Ever hear about the all-black hardcore band that unleashed one of the greatest records of the '90s, and faced a censorship battle that went all the way to the president of the United States? Did you know that their record was pulled from stores, and remains banned to this day? And did you know that they've since reunited to their biggest audiences and greatest acclaim, or that their frontman is now a beloved TV star, or that they recently won a Grammy?
Maybe you heard. But there's never been a book about it, until now.
The first-ever book about Ice-T's BODY COUNT, the most incendiary band in the world, and one of the most important stories in music history by author Ben Apatoff will be released on September 7 via Bloomsbury. "Body Count (33 1/3)" is about a set of high school friends who shattered musical boundaries, brought explosive live performances and raised questions America's lawmakers didn't want to answer, overcoming some of the country's most powerful forces to reshape the world's cultural conversation. This book was drawn from years of fandom and research, including exclusive quotes and interviews from Ice-T, Ernie C, Sean E. Sean, Vincent Price, Ill Will, Juan Of The Dead, Jello Biafra, Bobby Brooks, Max Cavalera, Dan Charnas, Doc Coyle, Heidi Siegmund Cuda, Chuck D, Laina Dawes, Ron DeLord, Corey Glover, Dave Halili, David Harleston, Gibby Haynes, Gary Holt, Howie Klein, Chris "Hot Rod" Long, Matt Mahurin, Bernard Matthews, Duff McKagan, Bob Merlis, Angelo Moore, Darlene Ortiz, Phyllis Pollack, Will Putney, Vernon Reid, Henry Rollins, Troy Staton, Steve Stewart, Jean-Claude Van Damme, Ulrich Wild, Juan Williams, Mark Zonder and more. This book is also part of Bloomsbury's prestigious "33 1/3" series.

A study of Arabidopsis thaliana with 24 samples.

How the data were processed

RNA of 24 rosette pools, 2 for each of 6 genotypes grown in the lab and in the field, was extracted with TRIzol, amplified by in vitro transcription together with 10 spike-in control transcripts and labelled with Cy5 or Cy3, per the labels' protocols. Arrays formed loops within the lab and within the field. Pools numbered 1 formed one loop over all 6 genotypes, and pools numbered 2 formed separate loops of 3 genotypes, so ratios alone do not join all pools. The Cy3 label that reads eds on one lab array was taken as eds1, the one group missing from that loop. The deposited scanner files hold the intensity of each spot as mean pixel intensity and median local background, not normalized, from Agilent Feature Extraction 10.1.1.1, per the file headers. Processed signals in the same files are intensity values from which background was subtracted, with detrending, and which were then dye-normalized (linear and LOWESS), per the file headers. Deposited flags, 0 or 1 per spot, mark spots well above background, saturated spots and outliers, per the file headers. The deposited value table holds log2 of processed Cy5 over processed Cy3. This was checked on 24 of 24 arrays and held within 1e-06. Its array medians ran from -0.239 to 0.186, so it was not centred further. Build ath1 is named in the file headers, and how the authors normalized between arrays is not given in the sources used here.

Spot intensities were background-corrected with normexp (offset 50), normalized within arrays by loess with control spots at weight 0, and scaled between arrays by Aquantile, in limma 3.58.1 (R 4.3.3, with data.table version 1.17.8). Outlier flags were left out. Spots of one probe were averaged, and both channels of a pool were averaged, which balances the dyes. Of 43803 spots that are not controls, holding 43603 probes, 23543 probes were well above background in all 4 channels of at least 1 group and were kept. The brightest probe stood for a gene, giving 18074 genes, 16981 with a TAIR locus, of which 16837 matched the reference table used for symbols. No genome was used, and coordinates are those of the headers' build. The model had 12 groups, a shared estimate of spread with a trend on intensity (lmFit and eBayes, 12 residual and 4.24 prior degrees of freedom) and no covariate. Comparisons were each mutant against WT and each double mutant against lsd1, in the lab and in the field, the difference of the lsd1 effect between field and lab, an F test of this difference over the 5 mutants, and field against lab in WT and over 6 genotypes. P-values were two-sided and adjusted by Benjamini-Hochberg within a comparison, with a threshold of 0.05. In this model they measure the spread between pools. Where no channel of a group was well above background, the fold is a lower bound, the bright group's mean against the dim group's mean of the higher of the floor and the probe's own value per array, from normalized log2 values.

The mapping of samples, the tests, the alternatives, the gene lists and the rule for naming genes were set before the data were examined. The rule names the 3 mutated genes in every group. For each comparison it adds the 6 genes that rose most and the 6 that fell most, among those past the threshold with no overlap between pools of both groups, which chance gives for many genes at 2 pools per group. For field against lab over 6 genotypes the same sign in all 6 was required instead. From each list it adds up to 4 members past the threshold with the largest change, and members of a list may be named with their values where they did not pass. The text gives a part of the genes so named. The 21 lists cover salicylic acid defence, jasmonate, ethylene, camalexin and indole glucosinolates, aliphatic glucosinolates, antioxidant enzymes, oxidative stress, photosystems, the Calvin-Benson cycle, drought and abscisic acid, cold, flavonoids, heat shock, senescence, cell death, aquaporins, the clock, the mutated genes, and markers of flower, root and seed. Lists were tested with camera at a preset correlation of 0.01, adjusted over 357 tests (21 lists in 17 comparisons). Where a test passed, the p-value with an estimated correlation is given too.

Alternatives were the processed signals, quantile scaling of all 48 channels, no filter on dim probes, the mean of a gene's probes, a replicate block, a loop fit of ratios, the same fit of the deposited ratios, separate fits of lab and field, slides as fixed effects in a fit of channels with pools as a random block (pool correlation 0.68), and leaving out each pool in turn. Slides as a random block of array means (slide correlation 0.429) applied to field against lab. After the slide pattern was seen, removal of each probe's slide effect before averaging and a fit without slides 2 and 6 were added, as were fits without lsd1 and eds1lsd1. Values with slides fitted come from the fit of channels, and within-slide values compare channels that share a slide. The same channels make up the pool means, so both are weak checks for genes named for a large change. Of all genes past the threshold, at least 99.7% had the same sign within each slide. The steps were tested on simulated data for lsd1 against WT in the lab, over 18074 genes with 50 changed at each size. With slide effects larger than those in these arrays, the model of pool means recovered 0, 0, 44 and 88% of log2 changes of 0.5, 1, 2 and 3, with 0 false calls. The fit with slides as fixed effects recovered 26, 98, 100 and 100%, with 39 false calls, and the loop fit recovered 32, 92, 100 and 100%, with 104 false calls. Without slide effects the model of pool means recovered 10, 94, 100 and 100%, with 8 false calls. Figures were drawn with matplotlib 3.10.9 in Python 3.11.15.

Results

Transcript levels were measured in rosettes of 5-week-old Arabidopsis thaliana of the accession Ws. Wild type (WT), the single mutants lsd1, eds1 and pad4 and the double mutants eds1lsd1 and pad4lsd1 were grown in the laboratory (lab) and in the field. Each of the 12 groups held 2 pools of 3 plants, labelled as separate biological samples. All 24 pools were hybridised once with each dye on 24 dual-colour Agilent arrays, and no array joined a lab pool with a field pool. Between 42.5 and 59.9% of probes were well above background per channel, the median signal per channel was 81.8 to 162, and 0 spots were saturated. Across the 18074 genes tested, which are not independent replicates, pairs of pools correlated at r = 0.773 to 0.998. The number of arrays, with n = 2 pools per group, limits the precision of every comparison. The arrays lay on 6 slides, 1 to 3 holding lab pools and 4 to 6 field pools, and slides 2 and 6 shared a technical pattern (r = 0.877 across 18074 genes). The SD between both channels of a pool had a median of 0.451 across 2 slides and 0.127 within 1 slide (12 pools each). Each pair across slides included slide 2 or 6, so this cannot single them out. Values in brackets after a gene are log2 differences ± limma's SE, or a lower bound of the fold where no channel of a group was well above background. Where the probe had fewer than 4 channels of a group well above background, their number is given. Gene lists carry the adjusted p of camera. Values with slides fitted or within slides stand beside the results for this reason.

On Ice-T's 1991 classic "O.G. Original Gangster", he introduced his all-black hardcore band BODY COUNT, bringing lead guitarist Ernie C, rhythm guitarist D-Roc The Executioner, bassist Mooseman, drummer Beatmaster V and hypemen Sean E. Sean and Sean E. Mac on the first-ever Lollapalooza tour that summer. The next year, BODY COUNT's self-titled debut album made them the most incendiary band in the world, confronting white supremacy and police brutality with pulverizing songs that shattered musical boundaries. BODY COUNT's rage and shock humor sparked nationwide protests and boycotts, including death threats, censure from the federal government, a spot on the FBI National Threat list, and a denunciation by the president of the United States. The album was removed from stores and remains banned to this day, but decades later BODY COUNT are performing to their biggest audiences and greatest acclaim, pulling off one of the most remarkable comebacks in punk or metal history.
BODY COUNT recently began mixing its new album, "Merciless". The follow-up to 2020's "Carnivore" is tentatively due later this year via Century Media.